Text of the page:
Why I’m a little less scared of a Softbank acquisition of T-Mobile


I’m starting to get a little less apprehensive about all of this, though.

When news broke late this week about Softbank being in final talks with Deutsche Telekom about an acquisition – even if that mean DT would keep a minority stake in T-Mobile – I started to think more rationally, and less emotionally.

Sprint, after all, is not the same carrier that it was when I left it. Sure, it’s network still sucks in many places, but it’s getting better. Its LTE footprint is expanding, and already reaches many rural areas where T-Mobile does not. Think about T-Mobile’s metro LTE coverage, combined with Sprint’s rural LTE coverage, in addition to all of the rural data roaming agreements that Sprint and T-Mobile have entered into, and we’ve got something very compelling.

It’s highly unlikely that T-Mobile customers would have to start using Sprint’s older, slower CDMA network, too. Softbank knows that HSPA+ is better in just about every way, and it’s not about to force a millions of customers onto a network that is set up to disappoint. T-Mobile is also finally pushing VoLTE. If T-Mobile customers could text and make phone calls over both T-Mobile’s and Sprint’s LTE networks, there would be no need for customers to migrate to one network over the other. All customers would eventually just upgrade to LTE devices, the old CDMA and GSM networks would eventually be decommissioned, and we’d avoid the whole mess of trying to combine incompatible technologies.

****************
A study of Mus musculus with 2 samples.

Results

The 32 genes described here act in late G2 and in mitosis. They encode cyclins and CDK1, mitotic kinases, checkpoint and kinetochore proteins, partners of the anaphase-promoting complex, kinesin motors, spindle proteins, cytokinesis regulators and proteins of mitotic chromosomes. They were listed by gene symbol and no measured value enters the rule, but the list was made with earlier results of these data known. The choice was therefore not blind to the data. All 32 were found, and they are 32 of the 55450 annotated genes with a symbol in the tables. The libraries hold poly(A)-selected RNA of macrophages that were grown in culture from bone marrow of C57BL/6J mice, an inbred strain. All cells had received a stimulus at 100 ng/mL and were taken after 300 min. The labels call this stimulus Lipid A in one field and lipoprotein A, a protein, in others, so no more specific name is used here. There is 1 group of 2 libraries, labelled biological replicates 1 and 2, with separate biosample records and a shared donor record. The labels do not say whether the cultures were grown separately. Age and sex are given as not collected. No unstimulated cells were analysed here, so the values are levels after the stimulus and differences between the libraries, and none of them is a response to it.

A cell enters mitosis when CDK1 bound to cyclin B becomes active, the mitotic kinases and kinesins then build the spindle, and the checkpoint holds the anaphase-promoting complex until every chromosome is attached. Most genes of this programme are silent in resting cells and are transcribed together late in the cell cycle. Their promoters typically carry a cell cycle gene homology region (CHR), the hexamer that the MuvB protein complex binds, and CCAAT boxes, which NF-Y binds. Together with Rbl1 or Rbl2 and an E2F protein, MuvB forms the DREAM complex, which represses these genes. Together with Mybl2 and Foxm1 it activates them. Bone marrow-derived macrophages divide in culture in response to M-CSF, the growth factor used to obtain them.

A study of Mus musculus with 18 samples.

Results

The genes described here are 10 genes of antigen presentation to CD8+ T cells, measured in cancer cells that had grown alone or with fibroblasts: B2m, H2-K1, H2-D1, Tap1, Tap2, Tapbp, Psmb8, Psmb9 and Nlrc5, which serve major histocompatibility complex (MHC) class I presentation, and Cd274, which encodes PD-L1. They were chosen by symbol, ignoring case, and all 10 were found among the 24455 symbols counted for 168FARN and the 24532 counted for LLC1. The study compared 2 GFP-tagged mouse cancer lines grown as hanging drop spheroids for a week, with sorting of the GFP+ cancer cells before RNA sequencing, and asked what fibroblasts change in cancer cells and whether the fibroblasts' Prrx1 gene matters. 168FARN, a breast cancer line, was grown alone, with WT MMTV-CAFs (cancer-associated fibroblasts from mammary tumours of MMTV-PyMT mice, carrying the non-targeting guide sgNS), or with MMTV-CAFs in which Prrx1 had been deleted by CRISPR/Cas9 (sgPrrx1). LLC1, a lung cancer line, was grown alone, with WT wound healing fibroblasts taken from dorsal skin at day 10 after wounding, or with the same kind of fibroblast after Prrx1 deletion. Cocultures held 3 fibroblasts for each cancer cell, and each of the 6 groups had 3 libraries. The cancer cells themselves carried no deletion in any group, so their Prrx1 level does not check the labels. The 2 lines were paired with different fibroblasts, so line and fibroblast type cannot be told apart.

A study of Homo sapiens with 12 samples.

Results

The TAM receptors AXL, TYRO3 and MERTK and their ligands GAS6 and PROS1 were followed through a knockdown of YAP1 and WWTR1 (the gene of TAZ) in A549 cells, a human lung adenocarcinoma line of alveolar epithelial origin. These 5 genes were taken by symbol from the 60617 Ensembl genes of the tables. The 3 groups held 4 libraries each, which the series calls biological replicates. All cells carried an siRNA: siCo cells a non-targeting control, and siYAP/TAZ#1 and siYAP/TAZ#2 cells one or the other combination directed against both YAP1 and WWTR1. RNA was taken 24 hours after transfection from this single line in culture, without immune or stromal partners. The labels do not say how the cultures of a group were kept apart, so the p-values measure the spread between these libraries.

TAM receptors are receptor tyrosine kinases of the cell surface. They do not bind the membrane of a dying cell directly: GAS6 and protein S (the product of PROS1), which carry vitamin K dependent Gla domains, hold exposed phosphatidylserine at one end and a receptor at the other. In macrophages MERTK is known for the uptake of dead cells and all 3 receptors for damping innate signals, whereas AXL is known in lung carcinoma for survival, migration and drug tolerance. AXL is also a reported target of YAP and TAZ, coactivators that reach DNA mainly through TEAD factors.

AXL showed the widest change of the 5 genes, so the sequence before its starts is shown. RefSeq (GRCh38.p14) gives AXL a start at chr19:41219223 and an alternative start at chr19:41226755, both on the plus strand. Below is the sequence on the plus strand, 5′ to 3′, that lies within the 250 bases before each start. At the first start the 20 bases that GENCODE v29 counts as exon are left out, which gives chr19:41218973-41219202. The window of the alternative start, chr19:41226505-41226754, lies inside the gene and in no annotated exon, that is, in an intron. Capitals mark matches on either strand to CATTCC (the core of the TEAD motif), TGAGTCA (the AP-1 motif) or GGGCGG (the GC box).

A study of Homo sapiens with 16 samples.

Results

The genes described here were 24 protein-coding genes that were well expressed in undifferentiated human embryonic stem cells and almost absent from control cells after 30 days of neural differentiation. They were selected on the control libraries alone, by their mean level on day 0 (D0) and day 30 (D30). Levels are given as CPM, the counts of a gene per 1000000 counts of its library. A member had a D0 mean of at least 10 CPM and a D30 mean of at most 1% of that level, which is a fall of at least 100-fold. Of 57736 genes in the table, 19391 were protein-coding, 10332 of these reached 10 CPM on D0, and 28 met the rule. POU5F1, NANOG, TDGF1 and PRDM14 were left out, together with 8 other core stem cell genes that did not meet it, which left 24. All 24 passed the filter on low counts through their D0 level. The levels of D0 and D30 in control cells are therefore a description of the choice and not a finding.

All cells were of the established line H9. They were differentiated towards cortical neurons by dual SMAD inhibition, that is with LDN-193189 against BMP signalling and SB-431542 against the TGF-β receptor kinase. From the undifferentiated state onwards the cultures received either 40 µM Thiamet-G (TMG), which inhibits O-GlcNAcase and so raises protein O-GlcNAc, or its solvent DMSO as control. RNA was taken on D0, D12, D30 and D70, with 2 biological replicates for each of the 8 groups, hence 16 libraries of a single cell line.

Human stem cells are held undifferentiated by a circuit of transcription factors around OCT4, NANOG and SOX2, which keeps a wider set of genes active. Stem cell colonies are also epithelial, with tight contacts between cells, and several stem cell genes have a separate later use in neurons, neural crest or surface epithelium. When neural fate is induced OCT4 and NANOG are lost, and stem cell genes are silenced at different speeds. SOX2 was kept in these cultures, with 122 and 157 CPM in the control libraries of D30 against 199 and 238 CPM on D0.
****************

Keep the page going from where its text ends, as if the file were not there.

Signs also indicate that John Legere would stay on as the CEO of the newly combined company, as well. Softbank loves him, and Dan Hesse said he might be ready to step down after a merger, so there’s no worry that he’d try to stick around. At the T-Mobile press conference I attended at CES, Legere also said that the Uncarrier movement would most definitely stick around after a merger.

So, I’m starting to be less afraid. I still approach this with a lot of caution, but I don’t think the sky will come crashing down if this acquisition actually happens. What do you think?


John was the editor-in-chief at Pocketables. His articles generally focus on all things Google, including Chrome and Android, although his love of new gadgets and technology doesn't stop there. His current arsenal includes the Nexus 6 by Motorola, the 2013 Nexus 7 by ASUS, the Nexus 9 by HTC, the LG G Watch, and the Chromebook Pixel, among others.